When a sports agent has a moral epiphany and is fired for expressing it, he decides to put his new philosophy to the test as an independent agent with the only athlete who stays with him and his former secretary.
Cuba Gooding Jr.,
As students at the United States Navy's elite fighter weapons school compete to be best in the class, one daring young pilot learns a few things from a civilian instructor that are not taught in the classroom.
The biography of Ron Kovic. Paralyzed in the Vietnam war, he becomes an anti-war and pro-human rights political activist after feeling betrayed by the country he fought for.Written by
Murray Chapman <firstname.lastname@example.org>
When the recruiter visits Ronnie's school, he incorrectly refers to Marine boot camp as "13 weeks of hell," when Marine boot camp was only 8 weeks during the timeframe of the movie. See more »
[enters the room, beaming]
Ronnie, Ronnie, you're doing the right thing! Communism has to be stopped! It's God's will that you go, and I'm proud of you.
[gently pats his shoulder]
Just be careful, that's all.
Don't you know what it means to me to be a Marine, Dad? Ever since I was a kid I've wanted this - I've wanted to serve my country - and I want to go. I want to go to Vietnam - and I'll die there if I have to.
Oliver Stone's Born on the Fourth of July to me is better than Platoon, or at least more psychologically moving and cinematically compelling. While Platoon, Stone's totally personal account of the Vietnam war is quite accurate and superb in many ways, this film is better if only because it's not Stone's story. He takes the tale of Ron Kovic (who wrote the book with the same name as the film and scripted by him and Stone) and turns it into a blisteringly awesome and ultimately harrowing picture that has performances, scenes and direction that top Platoon (maybe it's a sign that practice makes perfect)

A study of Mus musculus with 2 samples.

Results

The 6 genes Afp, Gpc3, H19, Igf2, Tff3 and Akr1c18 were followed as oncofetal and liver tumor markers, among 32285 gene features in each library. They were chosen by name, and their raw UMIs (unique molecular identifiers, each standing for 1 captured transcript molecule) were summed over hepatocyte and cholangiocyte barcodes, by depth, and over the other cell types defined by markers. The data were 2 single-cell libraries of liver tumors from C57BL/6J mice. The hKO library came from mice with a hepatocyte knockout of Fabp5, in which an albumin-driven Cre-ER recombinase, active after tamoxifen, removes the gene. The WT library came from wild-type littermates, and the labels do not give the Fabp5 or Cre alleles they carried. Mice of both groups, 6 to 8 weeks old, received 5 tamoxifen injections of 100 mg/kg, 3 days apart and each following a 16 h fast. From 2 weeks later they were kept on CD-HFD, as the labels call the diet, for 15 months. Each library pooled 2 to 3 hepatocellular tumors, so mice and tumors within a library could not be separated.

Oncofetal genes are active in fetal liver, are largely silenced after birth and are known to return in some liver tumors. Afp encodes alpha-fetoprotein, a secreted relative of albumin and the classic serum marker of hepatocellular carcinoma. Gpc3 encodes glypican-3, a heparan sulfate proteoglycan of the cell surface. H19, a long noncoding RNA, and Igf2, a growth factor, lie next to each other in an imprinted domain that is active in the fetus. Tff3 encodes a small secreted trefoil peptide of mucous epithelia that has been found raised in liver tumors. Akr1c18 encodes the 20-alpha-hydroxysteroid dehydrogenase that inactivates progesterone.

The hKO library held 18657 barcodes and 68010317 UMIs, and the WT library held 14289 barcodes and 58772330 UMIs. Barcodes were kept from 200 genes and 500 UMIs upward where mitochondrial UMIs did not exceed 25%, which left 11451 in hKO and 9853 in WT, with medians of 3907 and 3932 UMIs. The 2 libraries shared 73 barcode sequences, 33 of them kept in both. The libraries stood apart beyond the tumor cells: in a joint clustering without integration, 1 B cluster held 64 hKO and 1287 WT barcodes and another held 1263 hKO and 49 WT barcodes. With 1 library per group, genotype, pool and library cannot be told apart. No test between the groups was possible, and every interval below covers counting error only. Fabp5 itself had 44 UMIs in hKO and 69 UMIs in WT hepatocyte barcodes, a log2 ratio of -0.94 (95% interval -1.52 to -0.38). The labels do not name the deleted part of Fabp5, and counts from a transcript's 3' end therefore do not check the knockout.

Anyway, the tale centers on Ron Kovic (played to a utter T by Tom Cruise) good old-boy-type of American kid who decides he wants to fight for his country in the Vietnam war even if he has to die for his country. He fights, witnesses horror and makes a tragic mistake and comes back home a crippled from the waist down veteran, who has to endure the emotional and physical pain of just being a veteran of Vietnam in a country where they are put down more than revered. All this, and more (including one of the most volcanic scenes I have ever seen between Cruise and Dafoe on a Mexico road) lead him to become a anti-war activist.
In making the big theme of the picture Kovic and his feeling on the war, Stone depicts his journey excellently by showing his desire to be in it, his confusion afterwards, his eventual hatred and then placement in being against the war all the while still being a patriot. Not only does it work as a saga/war movie, but also as a 180 degree change tale. Must, must see for all Stone fans and for anybody who wants to see what Cruise can actually do with proper direction and script.